PBS’s Reconstruction: The Second Civil War is one of the few useful documentaries for those teaching the Reconstruction era. In addition to the common narrative of President Andrew Johnson’s battle with the Radical Republicans in Congress — most notable Thaddeus Stevens, who is featured prominently in the film — the documentary also uses the stories of several other lesser-known Americans to tell the tale of Reconstruction from different perspectives.
Through the voices of several historians, including Eric Foner, and dramatic re-enactments by actors, Reconstruction follows the stories of Kate Stone, whose family owned a large cotton plantation and enslaved over 150 people before the war; Marshall Twitchell, a former Union soldier who becomes a Freedmen’s Bureau agent in one of the most violent corner’s of Louisiana; John Roy Lynch, a former slave who became a U.S. congressman for the state of Mississippi; Frances Butler, the daughter of a Georgia plantation owner; and, most compellingly, Tunis Campbell, a Black abolitionist who builds an independent colony for freedmen and women in Georgia’s Sea Islands before being elected to Georgia’s state senate.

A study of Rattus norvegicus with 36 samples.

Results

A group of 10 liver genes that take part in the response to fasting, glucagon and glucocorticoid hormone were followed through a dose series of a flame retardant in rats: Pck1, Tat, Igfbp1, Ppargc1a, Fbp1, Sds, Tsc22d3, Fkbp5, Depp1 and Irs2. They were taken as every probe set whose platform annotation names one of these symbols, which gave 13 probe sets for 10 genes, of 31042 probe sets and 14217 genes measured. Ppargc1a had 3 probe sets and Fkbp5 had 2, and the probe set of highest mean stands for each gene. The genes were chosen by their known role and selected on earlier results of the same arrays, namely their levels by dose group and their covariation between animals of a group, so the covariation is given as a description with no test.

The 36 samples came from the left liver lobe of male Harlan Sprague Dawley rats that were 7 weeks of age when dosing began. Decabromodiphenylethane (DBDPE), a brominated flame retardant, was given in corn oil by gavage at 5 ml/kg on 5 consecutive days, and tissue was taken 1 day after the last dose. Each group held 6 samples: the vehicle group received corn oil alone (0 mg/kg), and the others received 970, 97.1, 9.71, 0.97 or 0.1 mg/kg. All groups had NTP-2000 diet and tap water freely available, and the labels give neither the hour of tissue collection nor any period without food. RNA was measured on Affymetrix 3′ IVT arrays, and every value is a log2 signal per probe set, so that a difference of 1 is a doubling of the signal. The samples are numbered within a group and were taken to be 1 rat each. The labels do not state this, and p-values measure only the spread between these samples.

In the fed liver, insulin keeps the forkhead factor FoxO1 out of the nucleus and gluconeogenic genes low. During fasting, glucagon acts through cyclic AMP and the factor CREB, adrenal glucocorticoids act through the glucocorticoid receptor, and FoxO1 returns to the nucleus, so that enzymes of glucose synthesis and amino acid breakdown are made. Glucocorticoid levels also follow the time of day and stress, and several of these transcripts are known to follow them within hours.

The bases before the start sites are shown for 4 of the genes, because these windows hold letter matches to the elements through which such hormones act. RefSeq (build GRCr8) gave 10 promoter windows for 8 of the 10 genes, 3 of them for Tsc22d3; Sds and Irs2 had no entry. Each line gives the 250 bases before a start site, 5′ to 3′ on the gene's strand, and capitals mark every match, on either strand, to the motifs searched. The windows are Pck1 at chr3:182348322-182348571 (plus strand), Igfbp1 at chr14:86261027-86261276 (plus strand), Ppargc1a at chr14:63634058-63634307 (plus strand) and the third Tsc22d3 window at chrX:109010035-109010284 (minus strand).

While the documentary leaves out many other important Reconstruction era stories and suffers from its attempt at providing “balance” (note the two narratives of former slaves are “balanced” by two narratives of former slave owners), by constructing the time period from the perspectives of ordinary citizens it paints a much more expansive and comprehensive picture than most textbook accounts.
The documentary is split into two parts which total three hours long, so it would be difficult to use in its entirety in the classroom. However, Reconstruction is full of short segments — whether it’s the battles in D.C., the multiracial legislatures in the South, or the various massacres attempting to reestablish white supremacy — that can enrich a classroom narrative of the time period. In particular, the segments on Tunis Campbell and the separatist democracy he helped build in the Georgia Sea Islands give an unparalleled visual to both the promise and disappointments of land distribution and economic independence for freedmen and women during Reconstruction.
ISBN: 1415709300 | WGBH
Watch Part I
Watch Part II
Learn more in the Zinn Education Project national report, “Erasing the Black Freedom Struggle: How State Standards Fail to Teach the Truth About Reconstruction,” and find teaching resources on Reconstruction below.